India vows ‘heavy price’ after deadly Kashmir attack

16 February, 2019 12:00 AM printer

NEW DELHI: India and Pakistan’s troubled ties risked taking a dangerous new turn on Friday as New Delhi accused Islamabad of harbouring militants behind one of the deadliest attacks in three decades of bloodshed in Indian-administered Kashmir, reports AFP.

At least 41 paramilitary troops were killed on Thursday as explosives packed in a van ripped through a convoy bringing 2,500 troopers back from leave not far from the main city Srinagar, police said.

Local media reported that the Pakistan-based Jaish-e-Mohammed Islamist group claimed responsibility, with the vehicle driven by a known local militant, Aadil Ahmad alias Waqas Commando. 

Kashmir has been split between India and Pakistan since independence from Britain in 1947 with both nuclear-armed countries, which have fought three wars, claiming it as their own.

Jaish-e-Mohammed is largely considered to be one of the most active Pakistan-based insurgent groups fighting in Kashmir.

India’s foreign ministry said that Jaish-e-Mohammed head Masood Azhar “has been given full freedom by... Pakistan to operate and expand his terror infrastructure in territories under the control of Pakistan and to carry out attacks in India and elsewhere with impunity”.

“I want to tell the terrorist groups and their masters that they have committed a big mistake. They have to pay a heavy price,” Indian Prime Minister Narendra Modi said Friday after an emergency cabinet meeting.

“Security forces have been given a free hand to deal with terrorists,” Modi said, adding that the “blood of the people is boiling”.

Arun Jaitley, finance minister, promised to isolate Pakistan in the international community.

Islamabad, however, hit back at the suggestion it was involved.

“We strongly reject any insinuation by elements in the Indian media and government that seek to link the attack to Pakistan without investigations,” the Pakistan foreign ministry said.

The United States condemned the attack in “the strongest terms”, and called on “all deny safe haven and support for terrorists”. China urged “relevant regional countries” to work for peace.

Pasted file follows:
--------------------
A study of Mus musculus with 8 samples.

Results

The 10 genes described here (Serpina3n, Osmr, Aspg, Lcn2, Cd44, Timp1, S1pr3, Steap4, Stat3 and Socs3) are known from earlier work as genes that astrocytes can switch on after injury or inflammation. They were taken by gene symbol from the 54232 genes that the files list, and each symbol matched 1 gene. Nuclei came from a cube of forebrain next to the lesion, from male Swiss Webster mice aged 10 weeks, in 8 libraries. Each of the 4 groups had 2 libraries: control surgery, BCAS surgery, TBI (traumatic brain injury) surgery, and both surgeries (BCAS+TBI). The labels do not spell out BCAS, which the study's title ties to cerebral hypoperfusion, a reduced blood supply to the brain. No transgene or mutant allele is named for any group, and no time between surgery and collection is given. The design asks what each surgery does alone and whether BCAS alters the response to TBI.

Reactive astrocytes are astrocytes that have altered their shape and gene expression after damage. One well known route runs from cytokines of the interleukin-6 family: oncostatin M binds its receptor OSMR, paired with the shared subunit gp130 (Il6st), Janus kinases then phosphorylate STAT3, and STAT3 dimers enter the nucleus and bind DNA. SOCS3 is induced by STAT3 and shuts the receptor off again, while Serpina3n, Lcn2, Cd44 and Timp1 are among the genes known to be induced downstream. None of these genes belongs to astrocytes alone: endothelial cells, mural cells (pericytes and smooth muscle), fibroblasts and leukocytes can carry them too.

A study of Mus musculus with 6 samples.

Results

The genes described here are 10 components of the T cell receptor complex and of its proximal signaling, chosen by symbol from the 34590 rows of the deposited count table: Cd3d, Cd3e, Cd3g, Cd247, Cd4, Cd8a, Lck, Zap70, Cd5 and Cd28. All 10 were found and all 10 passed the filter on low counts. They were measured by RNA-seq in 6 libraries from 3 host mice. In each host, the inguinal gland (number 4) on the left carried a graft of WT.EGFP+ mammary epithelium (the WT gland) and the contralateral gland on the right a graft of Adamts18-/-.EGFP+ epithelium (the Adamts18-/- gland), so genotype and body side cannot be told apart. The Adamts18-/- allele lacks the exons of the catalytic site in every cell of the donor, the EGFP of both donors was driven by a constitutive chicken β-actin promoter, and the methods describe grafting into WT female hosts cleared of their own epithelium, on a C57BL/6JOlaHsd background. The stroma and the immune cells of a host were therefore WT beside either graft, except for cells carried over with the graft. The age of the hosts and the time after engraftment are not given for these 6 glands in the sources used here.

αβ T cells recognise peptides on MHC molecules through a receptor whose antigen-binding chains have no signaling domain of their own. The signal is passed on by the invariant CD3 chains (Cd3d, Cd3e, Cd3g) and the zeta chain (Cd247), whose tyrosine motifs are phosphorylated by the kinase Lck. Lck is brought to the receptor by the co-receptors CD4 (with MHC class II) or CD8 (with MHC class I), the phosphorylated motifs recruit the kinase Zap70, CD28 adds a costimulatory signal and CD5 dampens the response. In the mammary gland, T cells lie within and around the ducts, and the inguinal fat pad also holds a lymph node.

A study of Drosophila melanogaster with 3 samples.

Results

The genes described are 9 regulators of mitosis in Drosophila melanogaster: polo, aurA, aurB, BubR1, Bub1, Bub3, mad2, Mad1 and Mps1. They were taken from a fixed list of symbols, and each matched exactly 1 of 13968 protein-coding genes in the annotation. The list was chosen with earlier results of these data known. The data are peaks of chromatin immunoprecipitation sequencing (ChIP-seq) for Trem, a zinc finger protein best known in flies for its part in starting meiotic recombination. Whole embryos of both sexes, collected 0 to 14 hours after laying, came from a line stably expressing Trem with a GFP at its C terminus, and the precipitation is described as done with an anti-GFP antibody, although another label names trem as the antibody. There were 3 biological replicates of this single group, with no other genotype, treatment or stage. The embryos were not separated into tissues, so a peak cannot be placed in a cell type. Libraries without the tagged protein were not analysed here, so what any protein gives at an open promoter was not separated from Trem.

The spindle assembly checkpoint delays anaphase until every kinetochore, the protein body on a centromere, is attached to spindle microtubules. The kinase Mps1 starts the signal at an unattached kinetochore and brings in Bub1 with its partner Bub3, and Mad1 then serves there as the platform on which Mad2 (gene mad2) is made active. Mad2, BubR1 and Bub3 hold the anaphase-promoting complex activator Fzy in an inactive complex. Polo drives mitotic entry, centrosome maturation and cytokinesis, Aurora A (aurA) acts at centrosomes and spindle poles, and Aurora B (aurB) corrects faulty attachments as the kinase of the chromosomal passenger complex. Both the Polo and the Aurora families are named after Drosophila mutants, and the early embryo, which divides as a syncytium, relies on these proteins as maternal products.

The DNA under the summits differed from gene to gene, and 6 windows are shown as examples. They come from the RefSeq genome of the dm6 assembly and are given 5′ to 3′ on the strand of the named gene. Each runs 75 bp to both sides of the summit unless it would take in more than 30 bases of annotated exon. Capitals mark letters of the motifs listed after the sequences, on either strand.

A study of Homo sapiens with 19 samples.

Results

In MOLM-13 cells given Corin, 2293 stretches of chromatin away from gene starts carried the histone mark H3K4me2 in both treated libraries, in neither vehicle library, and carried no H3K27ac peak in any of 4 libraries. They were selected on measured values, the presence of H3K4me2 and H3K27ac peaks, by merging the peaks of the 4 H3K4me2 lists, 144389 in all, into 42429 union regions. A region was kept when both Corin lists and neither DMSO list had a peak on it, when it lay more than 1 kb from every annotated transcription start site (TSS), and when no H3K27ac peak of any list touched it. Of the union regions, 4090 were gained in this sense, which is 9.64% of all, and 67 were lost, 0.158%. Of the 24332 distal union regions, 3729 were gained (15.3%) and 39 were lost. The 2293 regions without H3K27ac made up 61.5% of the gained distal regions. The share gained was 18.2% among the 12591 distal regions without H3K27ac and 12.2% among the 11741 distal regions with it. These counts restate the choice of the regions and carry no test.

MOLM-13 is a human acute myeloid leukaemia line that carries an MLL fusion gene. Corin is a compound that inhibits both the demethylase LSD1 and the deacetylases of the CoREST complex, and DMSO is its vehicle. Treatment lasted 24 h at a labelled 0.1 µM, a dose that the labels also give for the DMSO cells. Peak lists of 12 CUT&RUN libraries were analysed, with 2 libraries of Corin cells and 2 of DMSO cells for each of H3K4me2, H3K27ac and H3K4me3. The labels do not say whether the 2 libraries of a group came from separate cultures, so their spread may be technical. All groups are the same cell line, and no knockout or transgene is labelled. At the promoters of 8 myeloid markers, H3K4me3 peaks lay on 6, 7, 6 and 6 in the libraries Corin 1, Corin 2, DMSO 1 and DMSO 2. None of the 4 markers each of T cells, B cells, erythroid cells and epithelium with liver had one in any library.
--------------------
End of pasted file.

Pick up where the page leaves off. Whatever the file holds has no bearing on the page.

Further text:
Two buses of the Central Reserve Police Force (CRPF) in the 78-vehicle convoy on the Srinagar-Jammu highway bore the brunt of the blast, heard miles away.

“No one from the first bus survived,” a senior police official told AFP on condition of anonymity, predicting the death toll could rise.

Blackened, mangled remains of at least one vehicle littered the highway. Reports said bodies and body parts were strewn around, making victims’ identification difficult.

Afterwards, hundreds of government forces cordoned off around 15 villages in the district the bomber came from and conducted house-to-house searches, a police officer and witnesses said.

Authorities suspended or slowed internet services across the Kashmir region as thousands of security men patrolled the streets.

Several parts of Jammu city, the largely Hindu majority region in the south of the Kashmir, were under curfew after protesters allegedly attacked Muslim properties.

Protesters in many cities chanted slogans against Pakistan and burnt effigies of Azhar.

The shock attack surpasses one in 2016 that was the biggest in 14 years, claiming the lives of 19 soldiers in a brazen pre-dawn raid by militants on the Uri army camp.

India responded to that with the now-famous “surgical strikes”—an expression used in the title of a new Bollywood movie—across the heavily-militarised Line of Control, the de-facto border, several miles into Pakistan-administered Pakistan.

“The current situation has all the making of an India-Pakistan crisis,” said Moeed Yusuf from the US Institute of Peace. “The next 24-48 hours are crucial. This could get bad.”

“The hope was that India and Pakistan will get back to talking after the Indian elections later this year. I think the hawks on both sides are going to make it very difficult for that to happen now.”

On Friday India announced it was withdrawing its Most Favoured Nation Status—covering trade links—on Pakistan.

India’s foreign ministry summoned Pakistan’s envoy to lodge a complaint. India also recalled its envoy from Islamabad for consultations, reports said.

But beyond these moves, Modi has “no easy options”, Manoj Joshi from the New Delhi based Observer Research Foundation think-tank told AFP.

Military action could “escalate into something big”, he said.

“Diplomatic action against Pakistan is another option. But the United States is cosying up with Islamabad to seek an exit from Afghanistan. China has also deep interests in Pakistan.”